Most states observe marital property as a common law property state, just like Colorado. Other states follow community property laws. At this time, only nine states participate in this practice: Louisiana, Arizona, Texas, Washington, California, Idaho, Nevada, Wisconsin and New Mexico. Let’s take a closer look at what happens to marital property in Colorado during a divorce.
Marital Property States
Currently only nine states participate in marital property: Louisiana, Arizona, Texas, Washington, California, Idaho, Nevada, Wisconsin, and New Mexico. Let’s take a closer look at what happens to marital property in Colorado during a divorce. It doesn’t matter what state you live in; marital property must be dealt with during a divorce. It’s simply the way that it’s handled that’s different based on where you live.
Marital Property in the State of Colorado
Colorado law specifies that marital property is equitably distributable. This is a different concept than with community property.
What Is Considered Marital Property?
Marital property refers to any property or assets gained during the marriage. This is any property that is owned equally by both spouses. In the same regard, any debts incurred during the course of a marriage are considered both partners.
What is the Difference Between Marital Property and Community Property?
In most states, like Colorado, equitable distribution laws are in effect. In a Colorado divorce, any property acquired during a marriage belongs to whoever earned it. Most times, the property gets divided between the spouses in some manner, but not always equally. When living in a community property state, all marital property gets split evenly.
What Does Marital Property with Right of Survivorship Mean?
When two people who are married own property together, both of the spouses have equal ownership interests. Each spouse receives rights to use the property and those interests can’t be split. If the property is held as a joint tenancy, this includes the right of survivorship.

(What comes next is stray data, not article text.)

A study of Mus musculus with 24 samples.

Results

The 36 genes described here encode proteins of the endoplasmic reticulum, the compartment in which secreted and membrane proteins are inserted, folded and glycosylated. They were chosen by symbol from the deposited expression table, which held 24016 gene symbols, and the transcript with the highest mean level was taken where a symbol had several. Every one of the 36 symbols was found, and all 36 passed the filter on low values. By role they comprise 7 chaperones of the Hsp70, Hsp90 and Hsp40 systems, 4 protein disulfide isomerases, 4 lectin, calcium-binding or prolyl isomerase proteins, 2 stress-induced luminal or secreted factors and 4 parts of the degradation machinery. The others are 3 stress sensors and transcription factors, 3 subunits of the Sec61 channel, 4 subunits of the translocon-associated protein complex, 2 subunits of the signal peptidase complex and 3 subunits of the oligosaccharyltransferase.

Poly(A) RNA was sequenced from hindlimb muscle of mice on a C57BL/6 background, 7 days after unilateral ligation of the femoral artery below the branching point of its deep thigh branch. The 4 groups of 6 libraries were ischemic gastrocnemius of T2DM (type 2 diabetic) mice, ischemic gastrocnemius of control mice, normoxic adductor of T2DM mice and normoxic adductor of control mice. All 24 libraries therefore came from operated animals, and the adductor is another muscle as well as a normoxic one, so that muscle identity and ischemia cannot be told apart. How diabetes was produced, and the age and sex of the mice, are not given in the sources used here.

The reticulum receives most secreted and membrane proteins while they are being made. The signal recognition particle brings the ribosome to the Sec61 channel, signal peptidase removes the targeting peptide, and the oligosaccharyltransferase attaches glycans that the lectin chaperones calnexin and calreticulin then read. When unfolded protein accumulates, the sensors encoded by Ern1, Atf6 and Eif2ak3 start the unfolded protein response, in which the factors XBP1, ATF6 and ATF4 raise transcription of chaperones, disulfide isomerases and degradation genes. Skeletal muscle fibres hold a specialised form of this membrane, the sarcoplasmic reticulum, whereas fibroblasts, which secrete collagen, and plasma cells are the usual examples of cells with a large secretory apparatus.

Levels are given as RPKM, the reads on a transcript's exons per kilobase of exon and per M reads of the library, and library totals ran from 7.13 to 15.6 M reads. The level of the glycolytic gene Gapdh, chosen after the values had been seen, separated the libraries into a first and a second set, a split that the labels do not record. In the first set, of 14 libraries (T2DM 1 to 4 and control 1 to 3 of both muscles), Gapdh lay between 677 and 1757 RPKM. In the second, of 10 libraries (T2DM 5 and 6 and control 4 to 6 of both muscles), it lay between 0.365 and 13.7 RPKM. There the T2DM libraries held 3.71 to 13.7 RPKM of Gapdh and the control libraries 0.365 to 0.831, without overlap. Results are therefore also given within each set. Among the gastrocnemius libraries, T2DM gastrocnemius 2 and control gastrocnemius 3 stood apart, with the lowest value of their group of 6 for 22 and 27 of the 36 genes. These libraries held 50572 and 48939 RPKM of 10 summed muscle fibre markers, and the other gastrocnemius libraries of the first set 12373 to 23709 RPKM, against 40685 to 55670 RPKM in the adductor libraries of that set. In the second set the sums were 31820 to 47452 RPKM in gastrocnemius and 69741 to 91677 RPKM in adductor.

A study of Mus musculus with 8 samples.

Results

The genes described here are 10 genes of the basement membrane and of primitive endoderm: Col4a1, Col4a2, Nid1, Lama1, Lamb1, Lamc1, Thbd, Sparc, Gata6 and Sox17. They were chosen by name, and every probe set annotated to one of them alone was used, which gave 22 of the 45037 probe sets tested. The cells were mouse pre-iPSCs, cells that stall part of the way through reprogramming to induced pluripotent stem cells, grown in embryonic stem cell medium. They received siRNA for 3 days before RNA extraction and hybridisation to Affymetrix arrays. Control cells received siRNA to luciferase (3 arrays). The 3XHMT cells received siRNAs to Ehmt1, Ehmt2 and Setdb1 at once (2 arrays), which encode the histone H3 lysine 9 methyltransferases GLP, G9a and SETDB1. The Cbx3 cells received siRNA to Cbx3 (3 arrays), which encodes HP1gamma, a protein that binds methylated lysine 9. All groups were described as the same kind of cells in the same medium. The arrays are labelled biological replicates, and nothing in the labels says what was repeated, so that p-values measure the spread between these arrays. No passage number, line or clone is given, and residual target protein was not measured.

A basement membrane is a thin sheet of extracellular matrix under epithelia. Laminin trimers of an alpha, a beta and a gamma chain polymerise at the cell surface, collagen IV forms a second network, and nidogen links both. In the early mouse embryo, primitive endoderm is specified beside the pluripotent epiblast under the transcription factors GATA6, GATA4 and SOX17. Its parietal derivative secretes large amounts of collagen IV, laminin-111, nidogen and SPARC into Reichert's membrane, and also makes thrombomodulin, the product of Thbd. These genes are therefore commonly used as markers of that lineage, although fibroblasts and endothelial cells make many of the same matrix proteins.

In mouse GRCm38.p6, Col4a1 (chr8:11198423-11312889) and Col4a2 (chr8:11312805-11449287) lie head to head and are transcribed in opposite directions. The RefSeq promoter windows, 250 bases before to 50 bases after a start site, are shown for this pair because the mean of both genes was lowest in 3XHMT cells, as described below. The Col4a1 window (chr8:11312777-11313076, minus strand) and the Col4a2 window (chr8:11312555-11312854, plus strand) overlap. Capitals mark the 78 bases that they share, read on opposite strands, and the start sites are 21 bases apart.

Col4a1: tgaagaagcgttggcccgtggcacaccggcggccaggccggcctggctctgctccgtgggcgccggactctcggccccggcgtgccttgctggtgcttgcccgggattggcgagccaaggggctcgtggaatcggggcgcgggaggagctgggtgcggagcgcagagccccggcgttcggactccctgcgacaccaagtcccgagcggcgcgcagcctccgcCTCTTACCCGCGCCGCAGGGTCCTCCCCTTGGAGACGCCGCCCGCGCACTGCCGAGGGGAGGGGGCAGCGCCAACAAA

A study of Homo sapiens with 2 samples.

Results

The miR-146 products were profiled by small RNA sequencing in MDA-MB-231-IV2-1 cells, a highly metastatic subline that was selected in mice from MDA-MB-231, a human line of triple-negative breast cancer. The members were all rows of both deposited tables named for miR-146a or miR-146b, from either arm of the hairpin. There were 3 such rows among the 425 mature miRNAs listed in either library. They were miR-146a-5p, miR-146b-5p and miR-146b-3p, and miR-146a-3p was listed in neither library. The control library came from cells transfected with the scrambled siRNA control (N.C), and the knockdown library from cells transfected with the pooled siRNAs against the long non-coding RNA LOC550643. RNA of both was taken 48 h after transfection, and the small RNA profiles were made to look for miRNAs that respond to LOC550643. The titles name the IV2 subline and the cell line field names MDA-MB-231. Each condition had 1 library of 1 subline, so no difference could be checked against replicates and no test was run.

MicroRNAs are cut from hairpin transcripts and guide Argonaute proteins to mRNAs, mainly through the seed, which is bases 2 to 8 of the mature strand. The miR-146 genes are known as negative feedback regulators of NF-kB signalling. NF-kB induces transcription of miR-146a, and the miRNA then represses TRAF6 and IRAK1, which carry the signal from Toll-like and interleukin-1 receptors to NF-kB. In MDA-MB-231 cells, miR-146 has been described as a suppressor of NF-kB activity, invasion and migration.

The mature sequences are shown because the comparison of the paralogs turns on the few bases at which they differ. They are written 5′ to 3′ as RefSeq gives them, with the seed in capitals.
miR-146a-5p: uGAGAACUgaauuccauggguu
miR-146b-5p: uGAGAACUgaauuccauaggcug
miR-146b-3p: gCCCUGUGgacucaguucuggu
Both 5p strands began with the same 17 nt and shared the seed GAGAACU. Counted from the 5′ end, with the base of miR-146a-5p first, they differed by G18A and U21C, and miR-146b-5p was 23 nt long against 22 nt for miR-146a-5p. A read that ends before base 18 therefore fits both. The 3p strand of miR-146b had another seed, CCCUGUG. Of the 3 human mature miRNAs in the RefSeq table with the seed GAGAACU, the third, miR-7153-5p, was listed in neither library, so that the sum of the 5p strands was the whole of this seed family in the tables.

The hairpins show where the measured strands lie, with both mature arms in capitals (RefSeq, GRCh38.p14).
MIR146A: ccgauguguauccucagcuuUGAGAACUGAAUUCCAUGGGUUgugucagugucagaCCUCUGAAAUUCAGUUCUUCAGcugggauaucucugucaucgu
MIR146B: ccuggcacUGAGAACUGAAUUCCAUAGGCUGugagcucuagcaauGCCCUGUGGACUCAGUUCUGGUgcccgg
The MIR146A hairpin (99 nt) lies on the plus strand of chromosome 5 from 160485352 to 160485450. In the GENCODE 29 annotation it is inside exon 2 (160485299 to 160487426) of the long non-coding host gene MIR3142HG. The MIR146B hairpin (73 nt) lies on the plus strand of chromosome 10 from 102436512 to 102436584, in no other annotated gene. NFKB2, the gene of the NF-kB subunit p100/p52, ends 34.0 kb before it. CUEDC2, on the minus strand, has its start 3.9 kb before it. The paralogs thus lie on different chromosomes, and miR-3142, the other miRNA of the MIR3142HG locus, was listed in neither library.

There’s no determining how a judge will split the house and other marital property during a divorce. Who actually gets the house depends on several factors, including, but not limited to:
- Income of both parties
- Child custody
- Each person’s contribution to the property
- Other assets owned by partners
The court might decide to divide the property equally or give the majority to one person. It just depends on what seems equitable and fair.
Removing Marital Property before Divorce
Before there is a court order, it’s completely legal to remove a marital property. Without this court order, many things are uncertain and everything is left to your judgment. Once the paperwork is filed, you’ll find more regulations over what can and can’t be done. During this time, spouses are prevented from destroying, selling or damaging marital property in Colorado.
Denver Divorce Lawyer
Anytime marital property needs to be dealt with, the situation becomes confusing. Without the right representation, you could easily lose some of your marital property in Colorado. That’s why you need someone who understands the law by your side. Thomas Ramunda Jr. at South Denver Law has the experience you want to represent your best interests. He is a Denver divorce lawyer that puts you first. You can visit at either the Parker, CO or Denver, CO office for a consultation and see what this Parker divorce lawyer can do for you.